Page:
Politics

Marcos vows support as he asks scientists to ‘stay in the country’


By Kyle Aristophere T. Atienza, Reporter

PRESIDENT Ferdinand R. Marcos, Jr. on Wednesday asked Filipino scientists and researchers to stay in the country, vowing to support their careers and the sector.

At the same time, the President urged them to partner with the government as it seeks to build a sustainable future.

“I encourage our Filipino scientists, researchers, inventors, and innovators to continue sharing your expertise especially to young people,” Mr. Marcos said in a speech at the celebration of the National Science and Technology Week.

“I urge you to stay in the country as you pursue your career. We will continue to support you and continue to look to you to be active partners of the government,” he added.

Mr. Marcos said the country needs more local experts as it recovers from the pandemic and faces a “new economy.”

“It is a new world, these are new problems we are facing, and therefore we need to find new solutions and innovation is the key, innovation and agility.”

Mr. Marcos underscored the important role of the scientific community in generating new knowledge and devising better strategies to safeguard and advance the well-being of Filipinos.

“I also urge the DoST and all other concerned agencies to allocate resources to institutions that carry out research and development and integrate these in government programs,” he said.

“What Dr. Solidum and I discovered is that there are many research institutions that are doing really remarkable food research, however the problem that we are finding is that research is not directed,” he said, referring to Science and Technology Secretary Renato U. Solidum, Jr.

“Everyone has their own program, has their own projects. It’s not their fault. They’re studying what they are interested in,” Mr. Marcos added.

He said it is the government’s job to “give direction” so that research outputs can be immediately used by farmers, micro, small and medium-sized enterprises, other businesses, and citizens.

“I’ve spoken to some of the researchers and some of those administering research institutes around the country, not only agriculture but all kinds of other R&D (research and development), and they’re willing to take direction from us, from the private sector as to what are the necessary technologies for the Philippines,” he said.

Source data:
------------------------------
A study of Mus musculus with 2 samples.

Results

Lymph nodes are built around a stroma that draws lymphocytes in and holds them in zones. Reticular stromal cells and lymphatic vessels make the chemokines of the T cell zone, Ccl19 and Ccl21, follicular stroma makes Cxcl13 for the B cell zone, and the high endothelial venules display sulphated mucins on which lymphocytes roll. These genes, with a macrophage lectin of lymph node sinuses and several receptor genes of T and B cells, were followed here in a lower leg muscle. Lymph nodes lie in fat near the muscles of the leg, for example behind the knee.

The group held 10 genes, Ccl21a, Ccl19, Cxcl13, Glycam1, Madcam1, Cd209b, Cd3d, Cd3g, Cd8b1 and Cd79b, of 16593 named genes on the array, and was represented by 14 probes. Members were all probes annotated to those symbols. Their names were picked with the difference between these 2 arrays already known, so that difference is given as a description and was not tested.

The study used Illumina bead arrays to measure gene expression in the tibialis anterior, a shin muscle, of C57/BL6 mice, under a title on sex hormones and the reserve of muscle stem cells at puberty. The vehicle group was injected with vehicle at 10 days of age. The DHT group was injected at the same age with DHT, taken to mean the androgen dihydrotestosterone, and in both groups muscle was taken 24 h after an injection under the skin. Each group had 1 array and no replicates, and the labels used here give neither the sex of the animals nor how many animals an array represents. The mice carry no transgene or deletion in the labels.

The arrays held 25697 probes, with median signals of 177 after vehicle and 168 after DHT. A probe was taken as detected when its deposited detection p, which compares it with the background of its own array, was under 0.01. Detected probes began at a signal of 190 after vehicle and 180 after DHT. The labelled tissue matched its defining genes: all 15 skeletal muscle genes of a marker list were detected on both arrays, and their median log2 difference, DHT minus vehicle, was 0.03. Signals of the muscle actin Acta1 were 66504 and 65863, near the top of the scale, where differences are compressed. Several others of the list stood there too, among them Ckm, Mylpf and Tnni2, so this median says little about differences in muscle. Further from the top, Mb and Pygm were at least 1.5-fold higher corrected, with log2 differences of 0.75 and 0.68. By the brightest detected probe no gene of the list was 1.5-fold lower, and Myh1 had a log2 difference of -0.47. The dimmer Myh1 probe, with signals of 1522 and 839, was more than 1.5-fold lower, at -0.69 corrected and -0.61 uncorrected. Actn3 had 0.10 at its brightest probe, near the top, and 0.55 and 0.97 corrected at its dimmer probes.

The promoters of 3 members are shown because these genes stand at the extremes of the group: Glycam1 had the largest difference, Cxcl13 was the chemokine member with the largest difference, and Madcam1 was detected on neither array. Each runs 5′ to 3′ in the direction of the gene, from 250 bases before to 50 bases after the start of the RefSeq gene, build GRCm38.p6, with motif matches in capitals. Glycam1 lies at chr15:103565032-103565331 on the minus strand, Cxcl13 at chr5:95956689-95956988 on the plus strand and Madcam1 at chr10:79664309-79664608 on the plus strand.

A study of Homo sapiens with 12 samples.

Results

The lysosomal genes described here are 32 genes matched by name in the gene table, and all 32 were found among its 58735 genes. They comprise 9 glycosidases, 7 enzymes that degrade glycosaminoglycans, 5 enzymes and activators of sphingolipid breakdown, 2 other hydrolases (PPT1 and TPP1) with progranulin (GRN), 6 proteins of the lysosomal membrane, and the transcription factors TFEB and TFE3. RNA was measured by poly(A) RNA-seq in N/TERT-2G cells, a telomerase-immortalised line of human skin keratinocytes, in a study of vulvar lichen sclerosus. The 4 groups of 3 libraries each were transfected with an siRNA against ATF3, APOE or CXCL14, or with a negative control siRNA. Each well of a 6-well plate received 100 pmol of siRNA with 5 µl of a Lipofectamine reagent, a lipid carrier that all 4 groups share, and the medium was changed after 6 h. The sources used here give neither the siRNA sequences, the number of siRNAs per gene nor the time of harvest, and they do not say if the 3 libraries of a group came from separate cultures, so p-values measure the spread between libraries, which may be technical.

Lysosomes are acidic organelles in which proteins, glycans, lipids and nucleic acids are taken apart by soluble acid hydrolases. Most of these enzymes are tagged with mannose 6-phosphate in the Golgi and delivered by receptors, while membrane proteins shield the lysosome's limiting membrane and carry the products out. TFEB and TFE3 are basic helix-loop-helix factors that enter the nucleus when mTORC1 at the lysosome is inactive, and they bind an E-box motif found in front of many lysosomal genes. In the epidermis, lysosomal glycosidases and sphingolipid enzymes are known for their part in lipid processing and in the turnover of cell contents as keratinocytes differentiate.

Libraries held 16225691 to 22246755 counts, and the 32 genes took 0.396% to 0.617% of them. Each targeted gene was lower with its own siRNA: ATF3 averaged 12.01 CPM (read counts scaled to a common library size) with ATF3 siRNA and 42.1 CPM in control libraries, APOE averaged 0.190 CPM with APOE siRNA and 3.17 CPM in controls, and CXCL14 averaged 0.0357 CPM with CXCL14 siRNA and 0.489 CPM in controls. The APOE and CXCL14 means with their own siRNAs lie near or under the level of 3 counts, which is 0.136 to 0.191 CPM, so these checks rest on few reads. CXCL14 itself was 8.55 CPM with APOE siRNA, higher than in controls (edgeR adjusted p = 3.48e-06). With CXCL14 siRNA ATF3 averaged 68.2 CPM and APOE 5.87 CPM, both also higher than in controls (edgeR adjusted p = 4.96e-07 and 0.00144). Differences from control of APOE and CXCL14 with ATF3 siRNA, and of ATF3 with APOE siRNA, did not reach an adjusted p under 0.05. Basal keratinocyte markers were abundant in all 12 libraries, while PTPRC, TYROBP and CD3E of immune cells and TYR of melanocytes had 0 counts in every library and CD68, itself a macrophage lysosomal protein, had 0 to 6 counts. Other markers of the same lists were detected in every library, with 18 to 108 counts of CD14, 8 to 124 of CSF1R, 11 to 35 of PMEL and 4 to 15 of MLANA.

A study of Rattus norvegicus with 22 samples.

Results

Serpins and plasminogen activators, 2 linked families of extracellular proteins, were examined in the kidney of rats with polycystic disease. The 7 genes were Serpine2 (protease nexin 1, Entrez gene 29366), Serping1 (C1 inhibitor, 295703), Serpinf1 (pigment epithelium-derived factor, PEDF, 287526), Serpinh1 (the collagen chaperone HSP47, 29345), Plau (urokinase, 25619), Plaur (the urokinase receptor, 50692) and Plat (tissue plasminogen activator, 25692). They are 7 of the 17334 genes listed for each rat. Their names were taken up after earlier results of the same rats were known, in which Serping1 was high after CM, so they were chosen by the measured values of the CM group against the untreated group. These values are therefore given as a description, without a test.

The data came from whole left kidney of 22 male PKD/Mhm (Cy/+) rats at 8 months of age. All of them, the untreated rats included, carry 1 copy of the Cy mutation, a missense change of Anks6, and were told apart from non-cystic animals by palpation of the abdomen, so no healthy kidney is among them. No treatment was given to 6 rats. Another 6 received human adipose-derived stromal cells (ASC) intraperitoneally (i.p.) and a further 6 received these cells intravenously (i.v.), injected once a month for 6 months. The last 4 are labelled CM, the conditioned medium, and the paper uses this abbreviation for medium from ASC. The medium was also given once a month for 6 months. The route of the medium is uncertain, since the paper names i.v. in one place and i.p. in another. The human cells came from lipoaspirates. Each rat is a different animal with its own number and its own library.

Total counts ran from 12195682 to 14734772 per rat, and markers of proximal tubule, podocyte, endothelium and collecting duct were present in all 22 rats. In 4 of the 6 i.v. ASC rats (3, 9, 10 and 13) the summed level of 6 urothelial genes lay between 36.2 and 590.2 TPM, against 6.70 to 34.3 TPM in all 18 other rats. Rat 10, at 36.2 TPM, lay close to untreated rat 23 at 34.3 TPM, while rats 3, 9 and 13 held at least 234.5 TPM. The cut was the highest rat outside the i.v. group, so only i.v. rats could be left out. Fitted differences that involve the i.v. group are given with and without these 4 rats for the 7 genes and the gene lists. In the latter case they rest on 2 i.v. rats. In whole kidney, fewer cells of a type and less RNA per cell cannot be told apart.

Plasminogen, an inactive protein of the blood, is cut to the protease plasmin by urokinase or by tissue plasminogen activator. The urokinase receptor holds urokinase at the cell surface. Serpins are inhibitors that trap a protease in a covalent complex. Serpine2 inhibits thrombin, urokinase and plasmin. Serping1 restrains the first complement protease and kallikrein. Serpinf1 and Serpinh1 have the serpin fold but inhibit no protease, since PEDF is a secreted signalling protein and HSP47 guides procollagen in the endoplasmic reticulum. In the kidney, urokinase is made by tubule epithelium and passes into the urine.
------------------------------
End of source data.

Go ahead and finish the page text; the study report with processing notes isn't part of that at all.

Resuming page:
The President said the government will “wholeheartedly” support their R&D initiatives.

STEM SCHOLARSHIPSMr. Marcos also challenged the Department of Science and Technology (DoST) and their partner institutions to continue “to provide more scholarships to Filipino students to develop a bigger pool of scientists, researchers, and  innovators in the country.”

He said he will institute a scholarship program specifically for Science, Technology, Engineering, and Math (STEM) students and “this will not be limited to those who have shown their capabilities, their ability, and how they deserve these scholarships here in the Philippines but to any institution that they are accepted to abroad.”

He also called for improvements in the country’s STEM program, noting that  the Philippines lags behind its Southeast Asian peers in these fields.

“The material I can see is available. It is just a question of us incorporating it into our curricula, it is just up to us to give it an emphasis because in every aspect the STEM subjects have become terribly, terribly important,” he added.

AGHAM, a group of local scientists, earlier said government support for STEM remains low and called for a long-term plan to boost the scientific community.

“The present government should acknowledge that we are suffering from brain drain due to the absence of a national program for the development of the country’s science and technology that could provide opportunities locally for our experts,” AGHAM said last month.

“This is critical as climate change is one of the important things that need to be addressed using science-based action.”

AGHAM said the budgetary allocation for research and development does not meet the recommended UNESCO threshold of 1% of gross domestic product.

Under the proposed 2023 national budget, the DoST will receive P24.06 billion, slightly lower than its allocation of P24.27 billion this year.

Mr. Solidum told the House of Representatives in September that the DoST originally proposed a P44.17-billion budget.

Half or P12.14 billion of the proposed budget for the DoST will be allocated to scientific and technical services, while 25.32% or P6.09 billion will be earmarked for the office of the secretary and regional offices.